The “Real” Future for Virtual Reality

We all know the impact “reality” programming has had on the TV industry. How about “virtual” reality?

Going back to Second Life, I’ve long been convinced Virtual Reality is the next big thing. I see it as a logical outgrowth of the popularity of video gaming. The video game industry surpassed the movie industry in revenue several years ago.

Kara Alaimo, PhD, assistant professor of public relations at Hofstra University, recently wrote a very interesting article for PRSA Tactics (January 2016), titled “A New Reality: 6 Ways VR Can Transform public Relations.” I don’t want to repeat her information here, but I do want to comment on it, especially based on discussions I had at the recent NATPE meeting in Miami.

First of all, Virtual reality (VR) is far more compelling than 3D, which has been a failure in the home TV format. 3D can cause eye strain and is often hard to process in our brains. For instance, while I thought AVATAR was great in 3D because it was designed with that medium in mind, the recent STAR WARS re-boot 3D experience came across less well. In terms of the user experience, virtual reality by contrast feels much more natural. It’s more like the video game experience, which people can be immersed in for hours without headaches or eyestrain.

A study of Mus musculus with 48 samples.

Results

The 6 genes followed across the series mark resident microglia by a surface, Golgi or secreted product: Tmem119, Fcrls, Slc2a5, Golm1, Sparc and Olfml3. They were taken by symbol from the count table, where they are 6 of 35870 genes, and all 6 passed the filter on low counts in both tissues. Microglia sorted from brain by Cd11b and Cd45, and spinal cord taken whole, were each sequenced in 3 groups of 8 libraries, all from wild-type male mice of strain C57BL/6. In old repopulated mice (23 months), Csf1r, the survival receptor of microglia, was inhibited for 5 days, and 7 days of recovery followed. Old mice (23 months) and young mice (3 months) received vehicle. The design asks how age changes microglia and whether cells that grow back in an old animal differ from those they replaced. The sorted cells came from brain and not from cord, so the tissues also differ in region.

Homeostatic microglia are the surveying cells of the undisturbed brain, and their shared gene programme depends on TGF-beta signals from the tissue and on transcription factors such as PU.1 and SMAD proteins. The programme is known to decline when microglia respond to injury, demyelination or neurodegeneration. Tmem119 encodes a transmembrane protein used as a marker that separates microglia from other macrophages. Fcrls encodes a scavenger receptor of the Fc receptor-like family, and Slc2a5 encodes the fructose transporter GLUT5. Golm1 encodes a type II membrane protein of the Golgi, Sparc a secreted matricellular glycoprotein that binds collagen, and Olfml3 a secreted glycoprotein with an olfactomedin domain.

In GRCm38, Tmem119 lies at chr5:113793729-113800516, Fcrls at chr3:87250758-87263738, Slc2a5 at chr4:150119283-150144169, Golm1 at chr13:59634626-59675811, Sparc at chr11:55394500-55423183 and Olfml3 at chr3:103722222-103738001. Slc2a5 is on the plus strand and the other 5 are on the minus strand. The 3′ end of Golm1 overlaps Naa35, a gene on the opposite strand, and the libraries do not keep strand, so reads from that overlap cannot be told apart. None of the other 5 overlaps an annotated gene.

First of all a lot of VR experiences can be social, interactive, shared experiences. By the nature of VR, its’ not necessarily the same experience every time, so people tend to watch VR content more than once, because there is so much to see and do.

You want to give VR a try on the cheap? Try the new Google cardboard:

It’s basically some cardboard origami that helps turn your iPhone into a VR viewing device. You can then “Google” and download or stream some VR programming to give it a trial run.

VR (not unlike video games) provides a new entertainment platform for storytellers, but it’s also good for educational experience for kids of all ages. Facebook and other social media sites have already been experimenting with posting VR content and the response has been very positive. The general thought is that VR is going to be most useful in the fields of education, travel and medicine, but the implications for the entertainment and communications industries are enormous.

Thoughts, questions, comments, I’d love to hear from you.